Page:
For all the Republicans who have chalked up President Donald Trump’s outbursts over the past few weeks to just Trump being Trump, Sen. Cory Booker (D-NJ) had a very different message at a Senate Judiciary Committee hearing on Tuesday: The president’s words matter.
The latest controversy embroiling the White House came after an immigration meeting between the administration and key lawmakers, in which Trump reportedly called Haiti and African nations “shithole countries” and questioned why their residents were coming to the United States. Senators of both parties who were present at the meeting, including Sens. Dick Durbin (D-IL) and Lindsey Graham (R-SC), confirmed that Trump used the phrase.
Booker and other senators got their chance to question Homeland Security Secretary Kirstjen Nielsen about the meeting during a Senate Judiciary Committee hearing on Tuesday, and they took it.
Earlier during her sworn testimony in front of the committee, Nielsen disputed that Trump had used the term “shithole” during the meeting, instead characterizing his speech as “impassioned.” While she admitted the president had used “tough language,” she said others in the room had done the same.
Booker did not find Nielsen’s story persuasive.
Pounding his fists on the Senate dais as he spoke, the senator told Nielsen that he was “seething with anger” over Trump’s recent comments disparaging black people from foreign nations.
Pointing to racially charged violence in America including last summer’s deadly protests in Charlottesville, Virginia, Booker pointedly told Nielsen that Trump’s words — followed by denials from White House that he said them — were dangerous.
“The commander in chief, in an Oval Office meeting, referring to people from African countries and Haitians with the most violent, vulgar language,” Booker said. “When ignorance and bigotry is allied with power, it is a dangerous force in our country. Your silence and your amnesia is complicity.”
Sen. Booker to DHS Sec. Nielsen, who was in White House immigration meeting: "When ignorance and bigotry is allied with power, it is a dangerous force in our country. Your silence and your amnesia is complicity." pic.twitter.com/eR4zAsE2jF— NBC News (@NBCNews) January 16, 2018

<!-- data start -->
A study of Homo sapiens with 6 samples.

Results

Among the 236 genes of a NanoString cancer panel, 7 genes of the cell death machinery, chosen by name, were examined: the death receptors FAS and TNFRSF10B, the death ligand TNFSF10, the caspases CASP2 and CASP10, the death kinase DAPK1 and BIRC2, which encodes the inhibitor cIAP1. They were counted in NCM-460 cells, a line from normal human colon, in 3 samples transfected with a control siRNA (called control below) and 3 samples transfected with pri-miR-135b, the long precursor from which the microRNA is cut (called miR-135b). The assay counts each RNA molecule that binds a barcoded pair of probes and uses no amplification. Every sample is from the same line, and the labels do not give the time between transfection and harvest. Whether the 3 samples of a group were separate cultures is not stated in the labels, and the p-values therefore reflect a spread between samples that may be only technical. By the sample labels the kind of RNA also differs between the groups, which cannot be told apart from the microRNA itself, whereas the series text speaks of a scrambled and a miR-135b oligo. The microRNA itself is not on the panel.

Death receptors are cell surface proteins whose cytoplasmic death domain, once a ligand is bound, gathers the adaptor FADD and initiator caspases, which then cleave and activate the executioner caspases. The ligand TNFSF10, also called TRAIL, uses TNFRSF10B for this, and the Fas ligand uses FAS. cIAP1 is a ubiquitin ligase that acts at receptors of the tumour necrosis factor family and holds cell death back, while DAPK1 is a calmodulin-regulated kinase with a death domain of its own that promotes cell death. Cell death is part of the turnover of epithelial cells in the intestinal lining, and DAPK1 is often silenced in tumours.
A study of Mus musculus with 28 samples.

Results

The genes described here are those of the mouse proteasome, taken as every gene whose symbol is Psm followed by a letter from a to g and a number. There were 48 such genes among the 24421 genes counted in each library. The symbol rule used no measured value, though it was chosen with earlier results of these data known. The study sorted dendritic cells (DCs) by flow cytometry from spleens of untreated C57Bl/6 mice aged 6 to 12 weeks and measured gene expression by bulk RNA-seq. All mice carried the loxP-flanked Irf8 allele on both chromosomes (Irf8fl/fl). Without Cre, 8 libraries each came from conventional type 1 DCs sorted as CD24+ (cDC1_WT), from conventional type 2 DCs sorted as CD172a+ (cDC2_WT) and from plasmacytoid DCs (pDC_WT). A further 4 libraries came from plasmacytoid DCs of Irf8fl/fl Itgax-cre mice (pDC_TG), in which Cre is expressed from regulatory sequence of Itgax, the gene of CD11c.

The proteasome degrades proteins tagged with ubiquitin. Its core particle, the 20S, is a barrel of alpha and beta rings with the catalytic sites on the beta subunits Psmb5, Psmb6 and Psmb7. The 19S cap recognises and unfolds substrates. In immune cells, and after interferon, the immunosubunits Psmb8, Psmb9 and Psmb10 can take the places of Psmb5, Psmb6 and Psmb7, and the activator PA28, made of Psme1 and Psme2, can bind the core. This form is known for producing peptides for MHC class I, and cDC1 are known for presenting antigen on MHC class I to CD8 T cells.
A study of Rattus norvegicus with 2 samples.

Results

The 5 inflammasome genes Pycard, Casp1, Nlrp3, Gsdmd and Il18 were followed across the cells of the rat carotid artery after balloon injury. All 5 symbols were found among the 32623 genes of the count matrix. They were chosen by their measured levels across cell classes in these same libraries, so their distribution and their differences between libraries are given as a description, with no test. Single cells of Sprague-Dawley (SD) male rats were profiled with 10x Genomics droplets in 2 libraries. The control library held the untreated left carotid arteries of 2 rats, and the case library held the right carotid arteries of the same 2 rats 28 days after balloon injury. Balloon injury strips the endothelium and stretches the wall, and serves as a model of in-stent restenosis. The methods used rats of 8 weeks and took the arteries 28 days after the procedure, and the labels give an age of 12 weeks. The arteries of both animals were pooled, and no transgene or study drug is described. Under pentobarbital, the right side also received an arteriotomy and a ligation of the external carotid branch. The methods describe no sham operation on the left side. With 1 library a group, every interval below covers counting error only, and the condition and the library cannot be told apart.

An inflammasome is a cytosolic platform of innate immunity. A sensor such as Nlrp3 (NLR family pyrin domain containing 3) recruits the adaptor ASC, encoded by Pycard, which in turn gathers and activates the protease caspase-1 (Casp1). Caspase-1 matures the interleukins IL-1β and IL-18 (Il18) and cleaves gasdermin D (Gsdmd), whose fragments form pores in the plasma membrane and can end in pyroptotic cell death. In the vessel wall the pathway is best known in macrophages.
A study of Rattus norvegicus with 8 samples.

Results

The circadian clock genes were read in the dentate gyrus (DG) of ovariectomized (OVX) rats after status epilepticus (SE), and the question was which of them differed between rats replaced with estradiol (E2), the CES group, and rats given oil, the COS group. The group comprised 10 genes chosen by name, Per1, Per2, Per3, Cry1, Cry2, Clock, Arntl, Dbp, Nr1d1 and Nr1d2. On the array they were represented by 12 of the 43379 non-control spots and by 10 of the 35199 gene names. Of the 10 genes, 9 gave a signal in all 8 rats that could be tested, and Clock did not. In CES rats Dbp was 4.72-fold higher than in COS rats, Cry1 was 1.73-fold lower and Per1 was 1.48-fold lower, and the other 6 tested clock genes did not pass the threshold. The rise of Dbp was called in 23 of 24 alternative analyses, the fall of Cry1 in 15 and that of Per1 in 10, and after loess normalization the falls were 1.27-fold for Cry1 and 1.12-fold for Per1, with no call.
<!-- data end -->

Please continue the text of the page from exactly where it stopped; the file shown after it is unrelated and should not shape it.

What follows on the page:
White House officials aren’t the only ones disputing whether Trump used the term “shithole”; two Republican lawmakers who attended last week’s immigration meeting, Sens. Tom Cotton (R-AR) and David Perdue (R-GA), released a statement on Friday saying they did not recall Trump making the remark.
But fellow Republican Lindsey Graham has not. Instead, he doubled down on his version of the story, telling reporters, “My memory hasn’t evolved. I know what was said and I know what I said.”
Booker applauded Graham for speaking out about Trump’s comments.
“From Dick Durbin to Lindsey Graham, they seem to have a much better recollection of what went on,” he told Nielsen. “You’re under oath — you and others in that room that suddenly cannot remember.”
I’ve been in the Oval Office many times, and when the commander in chief speaks, I listened. I don’t have amnesia on conversations I’ve had in the Oval Office going back months and months and months.
When Oval Office rhetoric sounds like social engineering, we know from human history the dangers of that. Our greatest heroes in this country spoke out about people who have convenient amnesia or who are bystanders. Martin Luther King said, “A man dies when he refuses to take a stand.”
Booker and Sen. Kamala Harris (D-CA), who, like Booker, is African American, both said they were concerned that Trump and other White House officials are stoking racial tensions in America and not doing enough to combat the threat of white supremacy.
Between 2001 and 2015, more Americans were killed by homegrown right-wing extremists than by Islamist terrorists, according to a study by the nonpartisan think tank New America. Yet the Trump administration is far more likely to issue strong calls for national security when Islamist militants are the perpetrators than when it’s a white supremacist.
Harris pointed to the distinction when it was her turn to question Nielsen.
“It is deeply troubling that in your opening comments, when you talk about the threats to our nation, our homeland, to national security, that you failed to mention a report that outlined a very specific threat to us as the American people,” she said.
Booker echoed Harris’s comments, adding that it was personal to him in part because he, Harris, and other senators have received death threats based on their race.
“I receive enough death threats to know the reality. Kamala receives enough death threats to know the reality. Mazie [Hirono] receives enough death threats,” Booker said. “When the commander in chief speaks, or refuses to speak, those words don’t just dissipate like mist in the air; they fester. They become poison; they give license to bigotry and hate in our country.”